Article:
The Better Building Challenge is a measure taken by President Obama’s administration to make U.S. commercial and industrial buildings 20% more energy efficient by 2020.
In the first year of its implementation, more than 110 organizations have deployed energy saving projects at over 7,700 facilities. New data submitted by the Challenge partners shows that they have improved facility energy efficiency by over 2.5% per year on average compared to their baseline years, equal to about $58 million in annual savings.
So who are some of these organizations, what are they doing, and – most importantly – can you mirror their success? Some examples include:
- Kohl’s: The department store has achieved a 7% reduction in energy intensity since its 2008 baseline years. Its showcase project store in Niles, OH, has achieved 20% reduction by replacing its rooftop HVAC unit, conducting a lighting upgrade, and recommissioning its energy control systems.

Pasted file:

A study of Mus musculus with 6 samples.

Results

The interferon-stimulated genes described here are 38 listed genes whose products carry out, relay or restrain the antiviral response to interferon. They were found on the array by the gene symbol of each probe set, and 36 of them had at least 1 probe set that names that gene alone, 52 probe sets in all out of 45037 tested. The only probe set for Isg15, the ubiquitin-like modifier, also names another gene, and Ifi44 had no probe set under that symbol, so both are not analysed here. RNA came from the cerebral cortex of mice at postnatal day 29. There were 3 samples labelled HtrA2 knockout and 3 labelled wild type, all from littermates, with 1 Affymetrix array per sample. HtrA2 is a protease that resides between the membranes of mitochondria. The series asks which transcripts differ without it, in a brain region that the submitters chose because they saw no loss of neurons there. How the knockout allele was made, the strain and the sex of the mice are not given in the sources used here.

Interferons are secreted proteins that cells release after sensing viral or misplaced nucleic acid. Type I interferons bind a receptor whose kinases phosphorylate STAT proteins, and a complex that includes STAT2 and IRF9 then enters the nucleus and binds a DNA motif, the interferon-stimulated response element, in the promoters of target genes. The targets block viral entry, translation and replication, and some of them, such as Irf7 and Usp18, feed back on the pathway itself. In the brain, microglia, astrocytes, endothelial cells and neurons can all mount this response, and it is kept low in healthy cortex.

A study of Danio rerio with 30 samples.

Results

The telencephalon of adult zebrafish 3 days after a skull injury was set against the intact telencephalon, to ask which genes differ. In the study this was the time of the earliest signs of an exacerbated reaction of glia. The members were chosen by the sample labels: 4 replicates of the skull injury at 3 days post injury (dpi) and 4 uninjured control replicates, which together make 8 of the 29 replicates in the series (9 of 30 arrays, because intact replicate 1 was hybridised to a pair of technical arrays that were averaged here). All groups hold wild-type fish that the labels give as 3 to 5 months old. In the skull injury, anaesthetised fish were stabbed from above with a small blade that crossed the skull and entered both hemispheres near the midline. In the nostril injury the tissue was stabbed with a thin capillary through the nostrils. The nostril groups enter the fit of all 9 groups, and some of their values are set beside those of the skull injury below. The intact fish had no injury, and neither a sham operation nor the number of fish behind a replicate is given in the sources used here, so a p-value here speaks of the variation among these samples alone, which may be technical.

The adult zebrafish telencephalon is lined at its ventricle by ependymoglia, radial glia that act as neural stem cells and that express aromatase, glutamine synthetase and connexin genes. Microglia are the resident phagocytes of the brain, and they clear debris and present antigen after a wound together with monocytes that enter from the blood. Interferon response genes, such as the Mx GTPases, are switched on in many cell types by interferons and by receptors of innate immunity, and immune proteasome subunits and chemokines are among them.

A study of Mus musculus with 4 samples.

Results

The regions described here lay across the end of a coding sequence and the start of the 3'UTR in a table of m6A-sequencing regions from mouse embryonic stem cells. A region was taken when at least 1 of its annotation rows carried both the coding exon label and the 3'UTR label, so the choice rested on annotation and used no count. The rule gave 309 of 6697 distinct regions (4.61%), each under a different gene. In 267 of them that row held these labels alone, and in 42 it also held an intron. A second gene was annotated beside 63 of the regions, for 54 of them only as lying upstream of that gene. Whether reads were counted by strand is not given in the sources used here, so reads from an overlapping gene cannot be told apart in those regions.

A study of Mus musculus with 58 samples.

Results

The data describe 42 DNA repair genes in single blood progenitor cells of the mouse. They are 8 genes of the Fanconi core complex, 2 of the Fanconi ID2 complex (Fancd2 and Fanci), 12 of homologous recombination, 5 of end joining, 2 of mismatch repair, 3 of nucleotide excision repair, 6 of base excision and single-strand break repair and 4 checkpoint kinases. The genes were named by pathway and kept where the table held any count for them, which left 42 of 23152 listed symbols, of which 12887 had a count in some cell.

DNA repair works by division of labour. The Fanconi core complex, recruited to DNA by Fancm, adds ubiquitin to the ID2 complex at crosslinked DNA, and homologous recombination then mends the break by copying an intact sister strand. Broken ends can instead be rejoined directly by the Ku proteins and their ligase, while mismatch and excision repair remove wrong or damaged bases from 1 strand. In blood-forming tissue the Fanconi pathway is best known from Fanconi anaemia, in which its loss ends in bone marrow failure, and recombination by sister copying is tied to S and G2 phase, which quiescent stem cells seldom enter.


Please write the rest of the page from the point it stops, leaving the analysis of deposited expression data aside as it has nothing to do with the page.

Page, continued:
- Legrand: The firm has committed to a 25% reduction across five plants and nine non-manufacturing facilities and has achieved a 29% reduction since its 2009 baseline year. As part of Legrand’s showcase project at its 100-year-old headquarters in West Hartford, CT, the company repairs leaks in the facility-wide compressed air system and added insulation to existing paint line ovens, which could result in over $120,000 in annual savings when combined with other measures.
- Michigan State University: Since its baseline year in 2010, MSU has achieved 10% reduction by submetering as many building as possible and conducting a continuous auditing program of new or newly adjusted systems.
Implementing similar projects at your facility doesn’t require participation in the Better Building Challenge, but it could be a worthwhile first step in greening your operations for a long time to come.